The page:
Country Reports



The potential of ocean energy has been studied since the 80s and recently the Ministry of Economic Affairs and the Ministry of Infrastructure have acknowledged the energy and export potential. Business and other organizations joined forces in a trade association called the EWA (Netherlands Energy from Water Agency).

The Netherlands does not have a national strategy for ocean energy and nor are there specific targets.

The ocean energy strategy is part of the national target of 16% renewables in 2023.

The marine spatial planning is focused on offshore wind, special areas have been appointed for offshore wind (3500 MW). There are no offshore ocean energy projects planned yet.

A spatial analysis of the potential of the North Sea with a view to 2050 has been made, with regard to offshore wind and ocean energy. The North Sea Spatial Agenda indicates a potential of up to 2000 MW of tidal current and wave energy to be possible, if techniques are developed further to fit the Dutch situation, with relatively low tidal heads and speeds.

Although in some cases there is fast flowing water of estuaries, and near barriers there are places with high speeds up to 5 m/sec.

Although there is a central permitting system, in practise consenting requires engagement with a wide range of permitting bodies such as central government, province, municipality, Rijkswaterstaat, local harbour authorities, ministry of defence and the regional water board.

The Netherlands’ Department of Waterways and Public Works (Rijkswaterstaat) supports initiatives to generate energy, but on the other hand is responsible for protecting the Netherlands from flooding from the North Sea. In general, the current projects were supported generously and erected quickly.

For 2018, the generic national subsidy scheme (SDE, stimulating renewable energy) has also been opened for tidal current, wave energy and free flow energy. The maximum subsidy for renewables has been reduced to €0,13/kWh, due to the decreased costs of offshore wind, which is considered as the benchmark.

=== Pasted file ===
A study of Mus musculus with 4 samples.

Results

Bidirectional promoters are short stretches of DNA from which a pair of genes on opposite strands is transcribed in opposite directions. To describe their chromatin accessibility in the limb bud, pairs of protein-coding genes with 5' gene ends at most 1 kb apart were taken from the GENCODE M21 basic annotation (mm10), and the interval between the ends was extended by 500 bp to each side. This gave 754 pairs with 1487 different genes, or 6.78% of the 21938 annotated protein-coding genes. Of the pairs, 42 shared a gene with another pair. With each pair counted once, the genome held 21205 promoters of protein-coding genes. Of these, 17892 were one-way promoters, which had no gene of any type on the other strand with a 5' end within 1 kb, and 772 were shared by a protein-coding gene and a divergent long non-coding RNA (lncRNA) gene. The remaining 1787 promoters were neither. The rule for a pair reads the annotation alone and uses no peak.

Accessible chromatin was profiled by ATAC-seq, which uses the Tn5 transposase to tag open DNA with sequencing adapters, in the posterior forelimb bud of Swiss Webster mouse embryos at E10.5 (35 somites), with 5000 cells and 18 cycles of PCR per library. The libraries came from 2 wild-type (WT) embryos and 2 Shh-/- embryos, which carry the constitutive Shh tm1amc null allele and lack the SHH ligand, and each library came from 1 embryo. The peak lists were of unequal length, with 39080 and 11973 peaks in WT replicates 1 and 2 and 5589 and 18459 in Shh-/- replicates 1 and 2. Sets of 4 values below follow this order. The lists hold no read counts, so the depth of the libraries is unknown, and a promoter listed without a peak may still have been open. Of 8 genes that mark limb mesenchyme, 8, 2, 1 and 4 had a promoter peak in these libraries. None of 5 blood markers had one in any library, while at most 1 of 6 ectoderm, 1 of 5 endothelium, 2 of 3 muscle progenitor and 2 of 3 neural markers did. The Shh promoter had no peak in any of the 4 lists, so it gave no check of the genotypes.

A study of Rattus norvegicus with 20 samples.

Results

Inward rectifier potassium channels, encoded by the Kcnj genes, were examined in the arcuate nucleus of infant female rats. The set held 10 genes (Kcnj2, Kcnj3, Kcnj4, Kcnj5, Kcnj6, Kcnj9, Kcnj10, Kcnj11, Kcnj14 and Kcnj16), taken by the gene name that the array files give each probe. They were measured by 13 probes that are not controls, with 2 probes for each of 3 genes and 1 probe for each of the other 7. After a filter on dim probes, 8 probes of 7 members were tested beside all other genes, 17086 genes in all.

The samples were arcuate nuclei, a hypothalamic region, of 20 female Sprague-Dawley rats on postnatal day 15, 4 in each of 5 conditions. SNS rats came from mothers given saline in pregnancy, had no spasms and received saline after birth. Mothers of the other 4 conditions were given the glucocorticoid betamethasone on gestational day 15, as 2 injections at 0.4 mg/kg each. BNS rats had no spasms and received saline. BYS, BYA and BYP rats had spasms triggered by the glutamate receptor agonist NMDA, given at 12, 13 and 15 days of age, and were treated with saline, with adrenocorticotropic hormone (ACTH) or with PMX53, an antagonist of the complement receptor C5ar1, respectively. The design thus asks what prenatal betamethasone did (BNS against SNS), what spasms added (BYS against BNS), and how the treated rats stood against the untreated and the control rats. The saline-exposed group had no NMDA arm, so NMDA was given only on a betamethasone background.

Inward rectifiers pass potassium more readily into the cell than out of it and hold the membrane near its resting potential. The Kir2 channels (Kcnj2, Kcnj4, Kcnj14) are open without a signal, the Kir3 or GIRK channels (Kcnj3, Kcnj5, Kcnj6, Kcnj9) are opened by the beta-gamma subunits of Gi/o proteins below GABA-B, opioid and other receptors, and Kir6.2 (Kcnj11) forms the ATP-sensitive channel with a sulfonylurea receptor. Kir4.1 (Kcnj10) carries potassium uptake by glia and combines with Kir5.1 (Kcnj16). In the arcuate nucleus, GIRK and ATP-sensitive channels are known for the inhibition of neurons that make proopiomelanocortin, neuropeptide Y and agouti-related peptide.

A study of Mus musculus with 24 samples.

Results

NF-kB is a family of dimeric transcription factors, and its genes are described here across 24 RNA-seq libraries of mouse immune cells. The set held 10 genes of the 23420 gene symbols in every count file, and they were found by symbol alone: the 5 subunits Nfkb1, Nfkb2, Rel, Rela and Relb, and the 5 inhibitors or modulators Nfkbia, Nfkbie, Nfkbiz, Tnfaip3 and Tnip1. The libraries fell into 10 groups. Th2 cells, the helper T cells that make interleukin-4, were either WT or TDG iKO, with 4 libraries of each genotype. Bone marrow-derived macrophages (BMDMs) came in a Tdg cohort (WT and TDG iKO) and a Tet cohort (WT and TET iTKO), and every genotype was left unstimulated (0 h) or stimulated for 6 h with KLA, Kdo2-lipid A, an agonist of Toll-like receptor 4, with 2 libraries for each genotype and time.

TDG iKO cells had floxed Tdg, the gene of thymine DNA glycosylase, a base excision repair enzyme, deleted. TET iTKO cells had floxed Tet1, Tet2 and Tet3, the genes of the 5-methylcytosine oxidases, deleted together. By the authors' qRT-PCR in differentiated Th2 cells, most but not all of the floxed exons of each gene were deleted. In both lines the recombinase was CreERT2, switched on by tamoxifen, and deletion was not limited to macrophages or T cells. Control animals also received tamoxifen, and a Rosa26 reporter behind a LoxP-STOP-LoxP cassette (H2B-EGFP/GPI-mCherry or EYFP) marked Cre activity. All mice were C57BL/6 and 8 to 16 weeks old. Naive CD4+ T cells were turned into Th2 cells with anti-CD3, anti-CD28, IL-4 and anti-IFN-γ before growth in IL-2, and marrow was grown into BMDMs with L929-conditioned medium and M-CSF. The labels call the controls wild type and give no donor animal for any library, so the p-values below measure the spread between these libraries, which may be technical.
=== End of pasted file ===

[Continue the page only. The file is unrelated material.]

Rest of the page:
In addition to the above mentioned feed-in tariff (OPEX subsidy), there are generic funding programmes (CAPEX subsidy) for all relevant types of renewable energy. The Ministry of Economic Affairs initiated a number of grants via generic R&D instruments; these are also available for ocean energy research. These programmes have a tender system in which projects compete with each other, and have a general condition that a cost reduction must be achieved by innovation.



In 2017, SeaQurrent started the developed of a tidal kite. The concept has been validated by independent universities and research institutes. The founders of SeaQurrent have a background in the offshore oil and gas industry, a pilot and demo is planned for the coming years.

The positive results in 2017 in the pilot plant of REDstack on the Afsluitdijk allow for scaling-up to a 1MW demo pilot plant. Together with four partners, a “Blue Energy deal” was signed in 2017 for this purpose. Blue Energy is energy generated from the difference in salinity between river water and sea water, for example at the point where a river naturally empties into the sea. Reverse Electro Dialysis (RED) is a salinity gradient power technology that makes use of two types of membranes: one allows only positive ions to pass through, and the other allows only negative ions to pass through. Electricity can be generated by arranging these two types of membranes in a RED stack.

The amount of energy generated is related to the difference in salt concentration of the two solutions – the larger the salinity difference between the two solutions, the more energy can be generated. Blue Energy generates energy without producing CO₂, is easy scalable, 24/7 available and the only “waste” product is brackish water. Blue Energy is a perfect candidate for base-load energy production and application in the energy-mix.



In 2017, Tocardo further tested their 1.25 MW tidal power plant in the Eastern Scheldt. Tocardo is now planning a 2 MW successor, also consisting of 5 separate turbines.



Main activities in the test sites during 2017:

  • Re-development of the Texel offshore open water test site in Marsdiep
  • Permitting and financing for the future Grevelingen Tidal Technology Centre
  • Development of the test site for Slow Mill off the coast of Texel
  • Development for a pilot Blue Energy plant in Katwijk (RED-Stack)


  • List of operational projects during 2017:
  • Tocardo Den Oever; tidal current, free flow
  • BlueWater Delft; tidal energy, free flow
  • REDstack Sneek; salinity gradient energy
  • Bluerise Delft; OTEC
  • Arteq Power Rotterdam; OTEC
  • Tocardo VAWT; tidal current, Vertical Axis Wave Rotor Technology
  • Tocardo 1,2 MW tidal plant in Eastern Scheldt Storm surge barrier
  • Tocardo 300 kWp tidal array in Afsluitdijk in the Stevin Sluizen
  • RED-Stack pilot for Reverse Electro-Dialysis on Afsluitdijk

Led by Tocardo, the project brings together Orkney based companies EMEC and Leask Marine, and French research institute IFREMER. Tocardo has already been working with international shipyard DAMEN, as well as Leask Marine, Bryan J Rendall Electrical and Aquatera in Orkney for the system deployment. The floating tidal device was successfully moored and connected via subsea cables to the substation at EMEC’s Fall of Warness grid-connected tidal test site in Orkney in May 2017. Tocardo’s EMEC installation is part of the InToTidal project, supported by European Commission’s funding program Horizon 2020 with €2 million. The platform was first deployed off Texel island in the Netherlands in 2015. It was originally equipped with Tocardo’s T1 turbine that had the capacity of 100 kW, which was later replaced by T2 turbine, doubling its capacity.